Researchers of the National University of Singapore and Leiden University have discovered that chimpanzees and bonobos share the contrasting colour pattern seen in human eyes, which makes it easy for them to detect the direction of someone’s gaze from a distance.

Author
Juan Olvido Perea-García, Mariska E. Kret, Antónia Monteiro, and Catherine Hobaiter
Date
04 September 2019
Links
PNAS - Abstract

Humans are unique in many ways. No other animal communicates with language or builds tools of such complexity. One of the things which is thought to make humans unique is the contrasting colours of our eyes. Researchers have suggested that the contrast between the white of human eyes, known as the sclerae, and the colourful irises allows others to detect the direction of our gaze. Many of our other skills, such as social learning, seem to depend on this. The sclerae of apes’ eyes is often darker. Because of this, researchers have long argued that their gaze is “hidden” or cryptic. This means that other apes would not be able to see where other members of their species are looking. 

A team involving Ph.D. student Juan O. PEREA-GARCÍA and Prof Antónia MONTEIRO, both from the Department of Biological Sciences, NUS together with collaborators from the University of St Andrews, United Kingdom and Leiden University, The Netherlands, has discovered that ape eyes have the same pattern of colour differences as human beings. This suggests that they could also follow each other’s gaze.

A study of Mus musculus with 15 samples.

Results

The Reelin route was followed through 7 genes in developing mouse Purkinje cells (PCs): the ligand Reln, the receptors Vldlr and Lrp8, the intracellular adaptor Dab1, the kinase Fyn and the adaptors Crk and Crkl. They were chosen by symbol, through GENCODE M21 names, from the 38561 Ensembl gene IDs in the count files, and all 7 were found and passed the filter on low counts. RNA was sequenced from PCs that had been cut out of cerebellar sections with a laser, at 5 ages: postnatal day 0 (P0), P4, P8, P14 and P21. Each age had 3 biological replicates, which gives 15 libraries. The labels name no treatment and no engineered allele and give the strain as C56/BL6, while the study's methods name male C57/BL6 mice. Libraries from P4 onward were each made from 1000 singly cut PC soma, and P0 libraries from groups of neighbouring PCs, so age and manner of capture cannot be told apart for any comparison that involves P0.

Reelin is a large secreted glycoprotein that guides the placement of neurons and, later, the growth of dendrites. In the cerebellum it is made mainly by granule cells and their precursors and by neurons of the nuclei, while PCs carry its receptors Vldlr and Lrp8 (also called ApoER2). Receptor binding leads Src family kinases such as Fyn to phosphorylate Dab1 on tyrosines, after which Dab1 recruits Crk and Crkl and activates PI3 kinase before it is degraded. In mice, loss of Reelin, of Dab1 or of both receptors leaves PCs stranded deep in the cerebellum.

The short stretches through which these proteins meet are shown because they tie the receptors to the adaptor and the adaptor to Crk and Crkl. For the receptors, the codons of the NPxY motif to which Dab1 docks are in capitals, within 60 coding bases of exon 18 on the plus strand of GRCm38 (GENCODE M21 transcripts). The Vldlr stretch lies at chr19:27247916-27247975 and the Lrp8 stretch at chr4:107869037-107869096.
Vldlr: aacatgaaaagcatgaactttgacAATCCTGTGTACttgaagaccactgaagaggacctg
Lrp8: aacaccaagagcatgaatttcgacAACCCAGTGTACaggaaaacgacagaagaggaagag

Before humans had language, our ancestors might have used the gaze of those around them to help communicate dangers or other useful information. They might not have been able to say “Look over there!”. However, a look in the direction of the predator might be sufficient, as long as it was possible to follow the direction of their gaze. In humans, the contrast between the white and colourful parts of our eyes lets us do this easily. It turns out that our closest primate cousins, bonobos and chimpanzees, also have a strong contrast between the same two areas of their eyes. Bonobos, like humans, have paler sclerae and darker irises, but chimpanzees have a different pattern. They have very dark sclerae, and paler irises. Both of these colour patterns show the same type of contrast seen in human eyes and could help other apes find out where they are looking. Gaze following is an important component of many behaviours that are thought to be characteristically human, so this finding suggests that apes might also engage in these behaviours.

Apart from helping us understand how our ancestors communicated, this study suggests some interesting new research directions. These include questions pertaining to why human beings and bonobos evolve in a similar way, despite bonobos being more closely related to chimpanzees.

Mr Perea-García said, “We know that some gorillas and orangutans have eye colouration like our own, and some members of these species have eye colouration similar to the chimpanzees, but why is there this variation within a species? We are working with several zoos to find out more.”